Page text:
What are we talking about today?

I'll get back to theme days once I find a groove of posting regularly. In the meantime, most of my posts are about some variation of books, bikes, buses, or Broadway. Plus bits about writing, nonprofits, and grief from time to time.

This blog is mostly lighthearted and pretty silly. It's not about the terrible things happening in the world, but please know that I'm not ignoring those things. I just generally don't write about them here.

15 November 2010

November is Going by too Fast!!

Good morning, faithful readers! In the interest of finishing NaNoWriMo-- and, you know, the semester-- I've rounded up some guest bloggers for this week.

To kick us off, I'd like to introduce Linda, who is a good friend as well as being the secretary at the church where we attended before we moved. Linda wanted to share something that's been bugging her a bit this week (and give us some food for thought-- please feel free to leave (kind) thoughts/encouragement).

The Poor?

I’m a little cynical about helping the poor because I work for a church.  Isn’t that a weird sentence?  I’m usually the first person people talk to when they ask our church for help with rent, utilities, food and (at this time of the year) Christmas gifts for their children.  In two days’ time with no advertising of any kind, 36 children were signed up for Christmas gifts from the kind volunteers from our church who each buy presents for one child.  

There is a space on the application to put down any special interests or hobbies that the child has.  This year those requests were for DS and Wii games, skateboards, Justin Bieber and anything that is “in” these days.  There is a part of me that says if you have a Wii machine or your child has a Nintendo DS you aren’t poor. A couple of people put down that anything would be a blessing.  Those are the people that I don’t mind helping.  I don’t see any reason for Christians to buy worldly fads instead of books to increase these children’s vocabulary and world view or Bibles to increase their knowledge of our Savior.  My children went without all the “correct” clothes and toys that everyone had to buy, and they have turned out all right (a youth minister and an automotive engineer).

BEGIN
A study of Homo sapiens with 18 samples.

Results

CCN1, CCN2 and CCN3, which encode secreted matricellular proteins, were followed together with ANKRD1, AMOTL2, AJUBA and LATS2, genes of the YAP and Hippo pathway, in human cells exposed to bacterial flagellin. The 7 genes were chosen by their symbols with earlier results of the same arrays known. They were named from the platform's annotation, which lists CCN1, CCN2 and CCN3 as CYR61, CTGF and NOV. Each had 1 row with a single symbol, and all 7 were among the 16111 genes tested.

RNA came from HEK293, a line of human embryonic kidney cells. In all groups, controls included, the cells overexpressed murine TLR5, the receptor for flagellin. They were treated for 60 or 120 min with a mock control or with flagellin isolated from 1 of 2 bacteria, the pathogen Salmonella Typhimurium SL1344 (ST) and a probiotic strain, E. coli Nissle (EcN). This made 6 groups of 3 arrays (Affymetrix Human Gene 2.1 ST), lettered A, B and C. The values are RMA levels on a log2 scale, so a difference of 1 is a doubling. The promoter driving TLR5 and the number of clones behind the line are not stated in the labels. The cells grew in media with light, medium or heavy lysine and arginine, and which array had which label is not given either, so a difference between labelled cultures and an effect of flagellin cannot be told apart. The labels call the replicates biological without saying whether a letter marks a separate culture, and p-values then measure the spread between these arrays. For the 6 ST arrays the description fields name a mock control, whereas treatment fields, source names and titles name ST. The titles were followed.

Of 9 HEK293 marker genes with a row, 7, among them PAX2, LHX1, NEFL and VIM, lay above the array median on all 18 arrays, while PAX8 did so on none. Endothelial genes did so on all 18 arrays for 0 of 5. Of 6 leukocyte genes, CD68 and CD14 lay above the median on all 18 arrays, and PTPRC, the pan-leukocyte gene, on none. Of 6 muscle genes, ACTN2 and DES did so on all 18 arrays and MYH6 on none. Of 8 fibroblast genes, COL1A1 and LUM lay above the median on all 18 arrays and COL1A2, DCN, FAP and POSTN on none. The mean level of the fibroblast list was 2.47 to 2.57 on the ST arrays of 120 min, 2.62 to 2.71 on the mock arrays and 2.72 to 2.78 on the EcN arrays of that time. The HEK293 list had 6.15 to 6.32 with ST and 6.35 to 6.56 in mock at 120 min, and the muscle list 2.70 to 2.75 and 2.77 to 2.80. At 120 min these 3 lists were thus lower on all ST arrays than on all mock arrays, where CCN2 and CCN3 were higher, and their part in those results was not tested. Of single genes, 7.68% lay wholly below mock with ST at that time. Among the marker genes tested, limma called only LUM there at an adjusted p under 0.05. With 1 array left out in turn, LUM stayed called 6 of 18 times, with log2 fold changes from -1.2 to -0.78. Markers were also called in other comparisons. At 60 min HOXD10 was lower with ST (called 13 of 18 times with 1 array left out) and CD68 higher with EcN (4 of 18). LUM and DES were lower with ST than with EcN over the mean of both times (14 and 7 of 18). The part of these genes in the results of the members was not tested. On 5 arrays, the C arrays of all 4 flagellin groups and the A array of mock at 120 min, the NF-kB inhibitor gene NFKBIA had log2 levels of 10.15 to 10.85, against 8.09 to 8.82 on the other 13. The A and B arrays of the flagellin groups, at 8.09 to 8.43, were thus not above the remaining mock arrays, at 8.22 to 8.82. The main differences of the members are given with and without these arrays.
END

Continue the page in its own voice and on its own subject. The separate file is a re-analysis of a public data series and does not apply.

The last two days I have had to turn people down because we just couldn’t handle more of these after we took care of needs in our congregation, at the children’s home, and at the homeless shelter.  Do you know how they have responded?  "But you’ve helped me the last two or three years!" I wish just once they would say, “That’s OK.  I’ve been blessed by your congregation for several years so I can understand the need to help others.”  Somehow I don’t think I will ever hear them speak with gratitude or hear that they are paying these blessings forward to others after they have been helped.  Am I just a cynic?


Unknown said...

No not really, you are doing a great job, but look at the thanks Christ received, and I don't think you will be quite so worried at the responses you receive. :0)

Su said...

An excellent point.

Anonymous said...

whats unfortunate is the ungrateful make it more difficult to keep giving and can easily jade us to other people in need. But then again God deals with ungrateful people - as in nearly 100% of the population.

Su said...

We do give him a lot of practise, don't we? :(

Aaron said...

Amen to Charlie's statement. If you could see the Xmas list of many Christians... you would see all sorts of ungrateful people. Children and Adults alike. I'm afraid, I'm in the same position, so I speak as one with a log in his eye still. I'll try not to beat anyone with it though,

Su said...

Turn around slowly, then. ;)
I wonder if Christians wouldn't be better off skipping Christmas, sometimes. It does bring out the crazy. I especially appreciate the people who have high-dollar toys on their own list, but bemoan their children's (or just "kids these days") sudden selfish streak. Um, hello? (I don't mean you; I'm presuming you don't act like that!)

Linda said...

Yesterday I took my dad to the doctor. He is from Spain. He said Thanksgiving was his favorite American holiday because it was about families getting together and didn't involve buying gifts. I thought it was a good commentary on our culture.

Su said...

That's is a good commentary-- I like Thanksgiving for the same reason.